Julia Hoffmann is the Global Creative Director for Etsy. Prior to this, Julia served as the Creative Director of the Museum of Modern Art in New York City. In her role as head of the Advertising and Graphic Design Department she oversaw the brand identity and design for exhibition graphics, advertising, signage and collateral projects for all of MoMA’s exhibitions and programs. Born in Frankfurt, Germany, Julia earned her BFA from New York’s School of Visual Arts, where she was also a faculty member the last five years. She lives with her newborn daughter and husband in Berlin, Germany. Follow her on Twitter: @juliahoffmann.
Today it has become the norm for businesses to embrace branding and design in order to successfully communicate to their customers what they are selling. Branding has become a big topic in the last few decades; thousands of books have been written about branding, treating it almost like a science. To sum up branding tips in one blog post is nearly impossible.
As a new small business, you should not be held back by the potentially daunting task of composing a logo and everything that comes with it for your new brand. You can take baby steps, one by one. If you have the possibility, connect with a design student or a local graphic design studio, sometimes it’s best to simply let them help you with it. The conversations you will have with them about your brand are invaluable and will help you run your business better. The process can be like going to a therapist, who will help you structure your life better.
However, there are a few core principles of good design and branding that, whether big or small, every business can try to follow. I usually consolidate it to this: tell your story consistently, and embrace simplicity.
Think of an ecosystem where all aspects influence each other
It is important to remember that a brand is not a logo alone. As a graphic designer I like to start with creating a visual language for yourself, that consists of a logo, as well as a set of colors, typefaces, patterns, textures, photography style and so on. Think about anything you need to express your brand visually, and how various aspects will work with one another.
I usually believe that for each category less is more, that way the repetition in all touch points is more frequent. For example if you feature the same (or similar) elements on your storefront, business cards and then again within an email, the customer will start to connect the dots and remember your brand visually. It’s important that the elements are assembled differently based on each application, so instead of brand fatigue your customer will be intrigued with each interaction.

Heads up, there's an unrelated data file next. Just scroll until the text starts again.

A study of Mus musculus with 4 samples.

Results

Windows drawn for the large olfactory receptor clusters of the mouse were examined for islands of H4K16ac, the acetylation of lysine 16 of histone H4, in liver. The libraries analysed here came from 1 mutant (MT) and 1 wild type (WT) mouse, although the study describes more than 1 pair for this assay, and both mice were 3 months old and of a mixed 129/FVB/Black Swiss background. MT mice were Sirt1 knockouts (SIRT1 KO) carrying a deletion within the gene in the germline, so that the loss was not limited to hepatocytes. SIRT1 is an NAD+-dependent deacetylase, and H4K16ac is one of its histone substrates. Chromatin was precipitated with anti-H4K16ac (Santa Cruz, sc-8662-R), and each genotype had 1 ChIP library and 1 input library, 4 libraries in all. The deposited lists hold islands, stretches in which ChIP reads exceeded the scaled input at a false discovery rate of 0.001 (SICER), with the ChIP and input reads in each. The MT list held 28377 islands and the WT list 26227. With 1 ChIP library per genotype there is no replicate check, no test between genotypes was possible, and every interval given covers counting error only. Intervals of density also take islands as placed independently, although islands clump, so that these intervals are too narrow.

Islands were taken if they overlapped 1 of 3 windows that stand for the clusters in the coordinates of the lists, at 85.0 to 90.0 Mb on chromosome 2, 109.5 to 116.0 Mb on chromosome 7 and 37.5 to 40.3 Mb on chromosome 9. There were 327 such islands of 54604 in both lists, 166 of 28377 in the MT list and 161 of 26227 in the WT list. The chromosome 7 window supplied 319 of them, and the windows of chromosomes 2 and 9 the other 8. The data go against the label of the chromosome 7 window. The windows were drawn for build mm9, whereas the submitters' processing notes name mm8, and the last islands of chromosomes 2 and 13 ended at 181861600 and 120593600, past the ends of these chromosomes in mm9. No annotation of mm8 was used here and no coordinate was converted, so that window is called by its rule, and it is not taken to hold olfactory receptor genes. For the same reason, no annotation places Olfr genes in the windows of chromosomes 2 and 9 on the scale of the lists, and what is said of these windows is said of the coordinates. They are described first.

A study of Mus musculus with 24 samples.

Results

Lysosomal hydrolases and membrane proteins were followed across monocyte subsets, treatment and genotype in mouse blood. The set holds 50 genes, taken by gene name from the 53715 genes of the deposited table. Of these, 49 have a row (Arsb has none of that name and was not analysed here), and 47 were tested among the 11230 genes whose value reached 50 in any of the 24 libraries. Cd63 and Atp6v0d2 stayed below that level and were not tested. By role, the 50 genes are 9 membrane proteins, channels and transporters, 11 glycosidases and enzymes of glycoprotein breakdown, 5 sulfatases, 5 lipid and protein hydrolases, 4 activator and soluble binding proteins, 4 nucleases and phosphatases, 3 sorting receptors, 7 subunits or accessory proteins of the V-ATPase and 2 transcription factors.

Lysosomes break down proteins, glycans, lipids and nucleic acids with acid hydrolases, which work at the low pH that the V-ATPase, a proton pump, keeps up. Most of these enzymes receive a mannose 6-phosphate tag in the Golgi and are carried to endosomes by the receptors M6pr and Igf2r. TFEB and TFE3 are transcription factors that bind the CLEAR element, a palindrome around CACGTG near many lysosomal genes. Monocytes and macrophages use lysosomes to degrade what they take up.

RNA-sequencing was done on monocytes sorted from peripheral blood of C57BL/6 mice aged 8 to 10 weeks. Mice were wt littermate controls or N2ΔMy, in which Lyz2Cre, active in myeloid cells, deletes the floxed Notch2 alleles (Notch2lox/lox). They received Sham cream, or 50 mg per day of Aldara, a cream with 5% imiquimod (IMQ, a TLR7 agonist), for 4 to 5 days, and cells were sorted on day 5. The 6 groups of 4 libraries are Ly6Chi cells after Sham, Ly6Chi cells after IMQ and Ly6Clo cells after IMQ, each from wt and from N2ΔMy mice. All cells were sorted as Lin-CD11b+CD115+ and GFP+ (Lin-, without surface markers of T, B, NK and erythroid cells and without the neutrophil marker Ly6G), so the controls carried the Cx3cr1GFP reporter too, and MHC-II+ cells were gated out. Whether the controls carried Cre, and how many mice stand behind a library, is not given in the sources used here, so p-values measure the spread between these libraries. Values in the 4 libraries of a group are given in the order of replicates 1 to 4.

In the case of your shop on Etsy, think about the following:
- Who are you?
- What are you selling?
- How do you want to differentiate yourself from your competitors?
Get started with the name of your shop
- Start by writing your shop name in simple capital letters in the center of a large white paper.
- Write anything that you associate with your brand and the name around it.
- Take out your color crayons, and select colors that either fit to your products, name or brand personality. You are building a map full of initial ideas, so try to use your gut more than your head.
- Once you’ve emptied your brain onto the sheet, start connecting dots and combining the meaning of the name with a visual representation.
- You can create an iconic representation or just a typographic solution or both.
Set rules for yourself
Translate your design rules on into every aspect of your shop, including your packaging, product photography and copywriting. For example, if your background style is a white background with no props, stick to it and stay cohesive. Try to use similar lighting. You can always try other things when you introduce a new collection. Once you set your own design rules and you are comfortable using them, you can slowly start breaking them if you feel like it.
Simplicity is often the best route
Unless you have a very clever idea that works, keep it simple for now. You want your products to speak for themselves, and don’t want your visual identity to compete with it. A good logo will survive many, many years.
Examples of shops with clear visual identities
THE KNIT KID has developed their identity with a simple black circle. Their photography style is consistent across multiple channels, both on their own website and within their Etsy shop. The logo does not interfere with their products and there is enough white space to let the designs breathe.
Another interesting store is Present & Correct, who don’t have an iconic logo, but instead take their subject matter (stationery) literally, running with the theme throughout their website and Etsy shop consistently.
It can even be as simple as picking a nice typeface, like Sarah & Bendrix
Want to test out your new branding skills?
Try making a mood board that resembles your branding most through an Etsy Treasury — here’s how. Through Treasuries you can curate your own themed mood boards by adding Etsy items to your list. Here’s an example of a Treasury with the theme of Ice Worlds:
In this assignment you can name your Treasury with your brand name or a theme name that comes close to your branding. Once you have curated your Treasury, share the link in the special team Mother’s Finest and get feedback from others on your branded collection!
Inspired to open your Etsy shop?
Etsy and Britmums are offering a promotion to give first time sellers a helping hand. Get 20 free listings when you open your first Etsy shop. After that, it costs only $.20 to list an item for four months.